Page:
Thomas More was born in London on February 7, 1478, to John and Agnes More. The second of four surviving children, it is believed that More studied at St. Anthony's School in London, which was well known for producing scholars. He excelled in his studies, learning Latin grammar, logic, and debating skills. In 1490, his father sent him to study under John Morton, the archbishop of Canterbury and soon-to-be cardinal, who likely influenced the young man's decision to study at Oxford, where he enrolled in 1492. More spent only two years at oxford, supposedly being pulled out of his studies and away from the "liberal university life" by his father, who wanted him to become a lawyer. More studied at the Inns of Court, and by 1501 he was a barrister.
In 1504, More married Jane Colt, the daughter of a family friend, with whom he had four children (Margaret, Elizabeth, Cecily, and John) before her death in 1511. He then married a widow, Alice Middleton, a mere month later. Scholars attribute his haste in remarrying to his desire that his children have a mother.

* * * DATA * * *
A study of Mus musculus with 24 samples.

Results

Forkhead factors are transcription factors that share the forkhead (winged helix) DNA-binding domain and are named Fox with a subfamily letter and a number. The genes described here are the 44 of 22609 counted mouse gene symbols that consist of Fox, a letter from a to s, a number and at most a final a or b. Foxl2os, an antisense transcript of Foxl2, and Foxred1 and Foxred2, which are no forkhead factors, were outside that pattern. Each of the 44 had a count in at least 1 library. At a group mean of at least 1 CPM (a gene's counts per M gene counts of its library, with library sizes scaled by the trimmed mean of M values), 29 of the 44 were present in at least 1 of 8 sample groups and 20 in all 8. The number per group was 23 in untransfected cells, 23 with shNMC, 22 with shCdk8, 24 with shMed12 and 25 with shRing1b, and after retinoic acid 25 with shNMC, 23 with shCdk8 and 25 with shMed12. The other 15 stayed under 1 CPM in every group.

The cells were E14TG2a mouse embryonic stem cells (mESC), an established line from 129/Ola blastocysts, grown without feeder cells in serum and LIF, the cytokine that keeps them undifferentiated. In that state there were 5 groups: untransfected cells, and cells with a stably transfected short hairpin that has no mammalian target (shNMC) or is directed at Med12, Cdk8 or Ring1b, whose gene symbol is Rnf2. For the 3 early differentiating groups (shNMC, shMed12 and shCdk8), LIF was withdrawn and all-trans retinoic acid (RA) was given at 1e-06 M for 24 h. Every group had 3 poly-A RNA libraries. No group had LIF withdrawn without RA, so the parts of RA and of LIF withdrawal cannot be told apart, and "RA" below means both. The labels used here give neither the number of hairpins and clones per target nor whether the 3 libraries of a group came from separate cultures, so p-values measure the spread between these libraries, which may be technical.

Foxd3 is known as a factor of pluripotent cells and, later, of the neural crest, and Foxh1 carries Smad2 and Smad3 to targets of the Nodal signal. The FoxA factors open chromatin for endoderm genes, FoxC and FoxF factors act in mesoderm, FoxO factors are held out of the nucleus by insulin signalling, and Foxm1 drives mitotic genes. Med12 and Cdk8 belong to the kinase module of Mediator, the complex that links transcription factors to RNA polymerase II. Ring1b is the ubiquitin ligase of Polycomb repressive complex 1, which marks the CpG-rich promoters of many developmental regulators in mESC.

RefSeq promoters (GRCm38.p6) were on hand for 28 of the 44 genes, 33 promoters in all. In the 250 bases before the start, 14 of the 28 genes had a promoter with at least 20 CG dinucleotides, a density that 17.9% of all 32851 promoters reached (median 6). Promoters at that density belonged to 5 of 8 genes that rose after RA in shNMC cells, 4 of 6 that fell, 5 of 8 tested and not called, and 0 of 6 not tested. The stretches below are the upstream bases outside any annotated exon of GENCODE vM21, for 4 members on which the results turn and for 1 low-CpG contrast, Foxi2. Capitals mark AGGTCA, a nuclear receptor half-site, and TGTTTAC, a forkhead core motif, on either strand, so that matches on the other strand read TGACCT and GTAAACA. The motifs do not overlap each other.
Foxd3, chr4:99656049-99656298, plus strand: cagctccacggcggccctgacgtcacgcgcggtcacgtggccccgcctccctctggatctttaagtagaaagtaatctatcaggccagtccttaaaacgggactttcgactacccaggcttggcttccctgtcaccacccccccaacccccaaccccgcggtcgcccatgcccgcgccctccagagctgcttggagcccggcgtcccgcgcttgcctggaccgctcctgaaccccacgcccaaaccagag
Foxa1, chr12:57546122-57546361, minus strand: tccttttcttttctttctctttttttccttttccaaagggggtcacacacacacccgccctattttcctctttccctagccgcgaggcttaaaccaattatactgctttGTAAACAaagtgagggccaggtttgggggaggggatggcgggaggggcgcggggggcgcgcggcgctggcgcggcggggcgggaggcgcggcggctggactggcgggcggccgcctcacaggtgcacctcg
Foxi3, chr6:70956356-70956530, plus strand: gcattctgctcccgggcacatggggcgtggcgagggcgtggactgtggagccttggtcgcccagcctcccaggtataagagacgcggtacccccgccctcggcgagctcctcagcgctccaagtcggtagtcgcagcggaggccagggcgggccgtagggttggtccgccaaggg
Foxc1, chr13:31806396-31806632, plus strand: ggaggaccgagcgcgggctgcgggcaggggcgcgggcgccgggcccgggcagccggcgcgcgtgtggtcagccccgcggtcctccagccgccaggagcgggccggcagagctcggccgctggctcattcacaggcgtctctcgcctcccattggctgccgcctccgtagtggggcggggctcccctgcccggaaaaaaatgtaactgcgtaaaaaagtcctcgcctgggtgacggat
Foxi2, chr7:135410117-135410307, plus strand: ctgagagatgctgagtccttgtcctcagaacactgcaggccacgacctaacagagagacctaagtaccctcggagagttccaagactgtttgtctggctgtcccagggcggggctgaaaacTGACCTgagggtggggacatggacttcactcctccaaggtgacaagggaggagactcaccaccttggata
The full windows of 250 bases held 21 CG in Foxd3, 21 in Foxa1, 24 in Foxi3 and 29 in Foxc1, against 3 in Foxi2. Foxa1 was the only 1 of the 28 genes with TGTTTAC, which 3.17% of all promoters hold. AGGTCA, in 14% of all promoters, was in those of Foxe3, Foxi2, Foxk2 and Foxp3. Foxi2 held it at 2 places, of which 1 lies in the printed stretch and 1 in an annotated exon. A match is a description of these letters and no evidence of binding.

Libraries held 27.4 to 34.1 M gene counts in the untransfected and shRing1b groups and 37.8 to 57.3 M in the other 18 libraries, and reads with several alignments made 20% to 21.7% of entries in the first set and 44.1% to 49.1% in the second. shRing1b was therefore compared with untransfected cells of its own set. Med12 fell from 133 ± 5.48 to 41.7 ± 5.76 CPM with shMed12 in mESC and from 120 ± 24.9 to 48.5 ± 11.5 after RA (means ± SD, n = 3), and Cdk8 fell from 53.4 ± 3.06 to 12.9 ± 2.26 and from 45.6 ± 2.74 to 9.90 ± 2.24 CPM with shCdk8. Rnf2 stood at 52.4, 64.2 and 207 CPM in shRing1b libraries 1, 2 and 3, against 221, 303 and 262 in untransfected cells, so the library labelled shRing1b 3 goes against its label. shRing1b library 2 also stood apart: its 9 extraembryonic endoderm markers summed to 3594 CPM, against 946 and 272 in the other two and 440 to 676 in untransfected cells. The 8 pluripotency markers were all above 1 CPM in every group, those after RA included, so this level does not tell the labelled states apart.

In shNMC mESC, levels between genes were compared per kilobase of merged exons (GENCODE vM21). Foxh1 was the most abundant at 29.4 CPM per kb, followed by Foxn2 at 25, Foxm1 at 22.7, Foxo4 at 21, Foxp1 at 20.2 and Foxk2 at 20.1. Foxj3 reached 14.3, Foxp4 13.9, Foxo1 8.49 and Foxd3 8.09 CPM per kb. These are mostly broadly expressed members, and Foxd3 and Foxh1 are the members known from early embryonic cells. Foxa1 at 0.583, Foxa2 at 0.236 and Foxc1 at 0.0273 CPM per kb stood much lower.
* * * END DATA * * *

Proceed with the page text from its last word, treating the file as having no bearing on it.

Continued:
Aside from having a private law practice, More began writing patriotic epigrams and epigraphs as support for Henry Vlll's wars. He served as undersheriff of London between 1510 and 1518 and undertook a number of royal diplomatic commissions as well. During this time, it is believed that More began work on his unfinished historiography, History of King Richard III, which was William Shakespeare's main source of inspiration for his play on the controversial king. It is also believed that while visiting Bruges in 1515, More finished what would become part two of Utopia, his treatise on a perfect society and how such a place would be governed. Enlisting the help of his friend Desiridius Erasmus, More finished the book, and Utopia was published in 1516. While the book was not particularly successful during More's lifetime, it is now recognized as undeniably influential in its sardonic
(utopia in Greek literally means "no place"), markedly humanist description of the ideal society and the politics, laws, religion, and daily lives of its citizens.
During the last years of his life, More served as lord chancellor under Henry VIII; however, he resigned the position in May 1532, in disagreement with Henry's divorce from Catherine of Aragon and separation from the Roman Catholic Church. When More refused to swear an oath upholding Henry's marriage to Anne Boleyn and, later, to support the Act of Supremacy, Henry had him imprisoned in the Tower of London. On July 6, 1535, Sir Thomas More was beheaded for high treason. His steadfast adherence to the tenets of his religion, even when facing certain death, earned him canonization in 1935.
Though not particularly well known as a poet, More did try his hand at Latin verse, such as "Quis optimus Reipublicae Status," and "De principe bono et malo." The majority of his verse relied on the couplet and revolved around political interests, as did most of his adult life.